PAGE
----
We use Saxon also. I have taught both the third and fourth grade Saxon programs. Our scores are high. Have your intermediate teachers commented about the differences between the primary and intermediate levels? I have noticed that there is a big change between the primary and intermediate programs. The transition between second and third is huge. Up until third, students follow along on the front side of the worksheet with the entire class and then do the back side as homework. The back side has the same type of problems with the numbers changed. Then, in third grade students get the textbook (looks like a college text

) with, I believe, 24 problems? We introduce the new concept and then students do the problems on their own. It is a shock for students because they have to think on their own since we don't go over every type of problem they are expected to complete.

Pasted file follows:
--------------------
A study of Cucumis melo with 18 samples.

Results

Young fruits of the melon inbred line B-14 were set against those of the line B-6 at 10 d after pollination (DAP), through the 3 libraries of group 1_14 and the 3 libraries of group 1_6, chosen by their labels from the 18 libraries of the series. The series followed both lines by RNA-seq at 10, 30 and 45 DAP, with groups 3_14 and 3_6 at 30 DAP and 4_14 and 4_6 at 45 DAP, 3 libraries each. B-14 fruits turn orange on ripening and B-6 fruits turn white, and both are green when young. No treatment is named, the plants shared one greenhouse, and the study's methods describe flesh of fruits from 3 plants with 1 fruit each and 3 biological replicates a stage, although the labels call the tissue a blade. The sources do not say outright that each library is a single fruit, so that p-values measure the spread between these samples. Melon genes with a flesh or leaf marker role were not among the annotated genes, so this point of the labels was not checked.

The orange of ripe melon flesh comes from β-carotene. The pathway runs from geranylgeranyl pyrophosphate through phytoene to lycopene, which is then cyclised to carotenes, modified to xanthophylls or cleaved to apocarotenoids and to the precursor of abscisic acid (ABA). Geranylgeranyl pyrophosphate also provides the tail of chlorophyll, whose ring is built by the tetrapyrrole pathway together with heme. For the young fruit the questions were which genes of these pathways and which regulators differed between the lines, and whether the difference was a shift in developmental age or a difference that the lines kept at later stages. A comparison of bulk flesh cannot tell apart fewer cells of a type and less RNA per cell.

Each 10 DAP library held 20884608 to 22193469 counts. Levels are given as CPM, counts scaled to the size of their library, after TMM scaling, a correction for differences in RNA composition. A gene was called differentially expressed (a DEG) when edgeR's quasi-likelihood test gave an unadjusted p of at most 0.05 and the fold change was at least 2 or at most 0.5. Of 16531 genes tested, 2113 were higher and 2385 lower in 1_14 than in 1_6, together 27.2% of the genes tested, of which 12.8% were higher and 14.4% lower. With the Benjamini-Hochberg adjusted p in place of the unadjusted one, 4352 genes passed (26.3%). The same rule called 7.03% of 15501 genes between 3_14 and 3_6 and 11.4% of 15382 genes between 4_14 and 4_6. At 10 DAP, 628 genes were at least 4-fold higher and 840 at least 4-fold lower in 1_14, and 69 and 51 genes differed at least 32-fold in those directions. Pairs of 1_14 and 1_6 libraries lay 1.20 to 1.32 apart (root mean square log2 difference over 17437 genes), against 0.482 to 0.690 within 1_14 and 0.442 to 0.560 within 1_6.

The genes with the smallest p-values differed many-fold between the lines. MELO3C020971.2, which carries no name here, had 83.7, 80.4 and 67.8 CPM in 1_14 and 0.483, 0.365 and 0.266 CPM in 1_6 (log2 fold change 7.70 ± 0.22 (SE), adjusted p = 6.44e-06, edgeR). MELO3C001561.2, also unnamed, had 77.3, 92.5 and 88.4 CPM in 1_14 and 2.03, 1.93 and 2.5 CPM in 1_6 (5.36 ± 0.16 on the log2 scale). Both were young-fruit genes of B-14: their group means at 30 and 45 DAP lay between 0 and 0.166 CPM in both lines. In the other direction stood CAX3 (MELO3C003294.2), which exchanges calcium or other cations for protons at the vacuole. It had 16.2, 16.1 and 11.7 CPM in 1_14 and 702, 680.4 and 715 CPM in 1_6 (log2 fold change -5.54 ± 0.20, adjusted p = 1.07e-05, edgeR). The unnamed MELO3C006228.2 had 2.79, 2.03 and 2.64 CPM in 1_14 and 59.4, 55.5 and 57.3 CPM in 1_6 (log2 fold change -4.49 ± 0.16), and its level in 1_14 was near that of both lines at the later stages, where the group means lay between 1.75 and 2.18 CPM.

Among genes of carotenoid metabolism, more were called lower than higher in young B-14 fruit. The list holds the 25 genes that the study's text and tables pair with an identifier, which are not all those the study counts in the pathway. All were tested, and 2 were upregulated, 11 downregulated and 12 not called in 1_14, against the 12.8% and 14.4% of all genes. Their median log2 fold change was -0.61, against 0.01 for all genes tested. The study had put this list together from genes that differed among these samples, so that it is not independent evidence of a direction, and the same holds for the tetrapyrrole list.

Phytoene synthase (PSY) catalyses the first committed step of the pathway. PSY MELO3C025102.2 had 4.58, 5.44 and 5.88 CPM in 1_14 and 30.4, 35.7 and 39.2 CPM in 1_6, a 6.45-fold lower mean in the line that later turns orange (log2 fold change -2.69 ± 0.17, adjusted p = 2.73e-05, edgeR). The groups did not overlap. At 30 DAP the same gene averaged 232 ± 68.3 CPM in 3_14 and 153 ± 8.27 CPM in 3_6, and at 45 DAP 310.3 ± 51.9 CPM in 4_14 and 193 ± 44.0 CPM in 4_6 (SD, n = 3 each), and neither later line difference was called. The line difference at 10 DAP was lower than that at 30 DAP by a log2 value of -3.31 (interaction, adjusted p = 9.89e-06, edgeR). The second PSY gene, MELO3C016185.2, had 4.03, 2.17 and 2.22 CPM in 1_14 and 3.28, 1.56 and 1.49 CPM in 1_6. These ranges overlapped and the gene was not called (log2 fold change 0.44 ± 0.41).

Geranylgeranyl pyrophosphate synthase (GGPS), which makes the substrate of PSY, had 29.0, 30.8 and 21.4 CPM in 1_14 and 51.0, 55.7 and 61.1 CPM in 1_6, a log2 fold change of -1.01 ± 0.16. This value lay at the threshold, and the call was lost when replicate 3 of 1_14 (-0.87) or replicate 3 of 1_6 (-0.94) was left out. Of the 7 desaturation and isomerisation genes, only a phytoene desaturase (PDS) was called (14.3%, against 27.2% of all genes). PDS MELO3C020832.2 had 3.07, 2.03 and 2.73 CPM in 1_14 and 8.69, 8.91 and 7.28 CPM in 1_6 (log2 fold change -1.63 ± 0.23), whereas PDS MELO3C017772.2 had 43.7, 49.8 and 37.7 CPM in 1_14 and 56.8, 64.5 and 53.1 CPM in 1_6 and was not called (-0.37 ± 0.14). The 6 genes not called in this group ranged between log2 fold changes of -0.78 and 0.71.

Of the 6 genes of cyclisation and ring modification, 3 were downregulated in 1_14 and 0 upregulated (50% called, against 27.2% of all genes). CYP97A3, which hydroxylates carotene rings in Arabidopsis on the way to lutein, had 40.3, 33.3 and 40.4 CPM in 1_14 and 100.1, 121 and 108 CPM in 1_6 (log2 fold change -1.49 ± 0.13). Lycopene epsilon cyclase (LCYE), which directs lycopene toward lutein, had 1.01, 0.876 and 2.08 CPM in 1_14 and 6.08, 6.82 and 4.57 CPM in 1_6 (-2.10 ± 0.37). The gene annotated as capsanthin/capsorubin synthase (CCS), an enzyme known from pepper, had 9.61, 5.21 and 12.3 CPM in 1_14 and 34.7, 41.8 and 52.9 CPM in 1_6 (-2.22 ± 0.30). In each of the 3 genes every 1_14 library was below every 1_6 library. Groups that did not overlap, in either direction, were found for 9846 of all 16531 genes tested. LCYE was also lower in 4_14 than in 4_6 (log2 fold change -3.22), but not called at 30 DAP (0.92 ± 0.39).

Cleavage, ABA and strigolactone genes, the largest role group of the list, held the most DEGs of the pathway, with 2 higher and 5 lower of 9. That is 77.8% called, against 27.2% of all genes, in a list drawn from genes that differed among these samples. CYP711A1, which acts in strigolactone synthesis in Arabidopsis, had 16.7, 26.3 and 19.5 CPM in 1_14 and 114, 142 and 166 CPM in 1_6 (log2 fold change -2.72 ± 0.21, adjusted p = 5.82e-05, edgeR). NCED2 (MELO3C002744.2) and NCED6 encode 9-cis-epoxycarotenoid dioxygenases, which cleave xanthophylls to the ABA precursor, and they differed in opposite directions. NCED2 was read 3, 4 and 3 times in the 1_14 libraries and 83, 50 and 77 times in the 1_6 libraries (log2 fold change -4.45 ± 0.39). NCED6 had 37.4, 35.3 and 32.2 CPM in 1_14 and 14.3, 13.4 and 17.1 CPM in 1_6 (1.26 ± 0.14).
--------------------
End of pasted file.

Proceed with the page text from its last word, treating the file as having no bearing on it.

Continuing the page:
Something that all third and fourth grade teachers make sure to do is have students correct their mistakes (if they have more than 3 errors on an assignment). Yes, it is a lot of work for both teachers and students, however, most students really begin thinking about what the problems are asking them to do.

Most of the time we assign all the problems (in fourth that is 30 problems). Students usually have at least 25 minutes to work on the assignment. Any unfinished work is homework.

I usually check the assignments because I have found that most students do not check their answers correctly. It does help that students let me know when they have the first 15 completed and I check those immediately and they correct any incorrect problems before continuing. I do this because the first 15 are usually the most difficult problems for my students.

I also try to use videos and technology to supplement the lessons because the Saxon ones are pretty dry in the upper grades.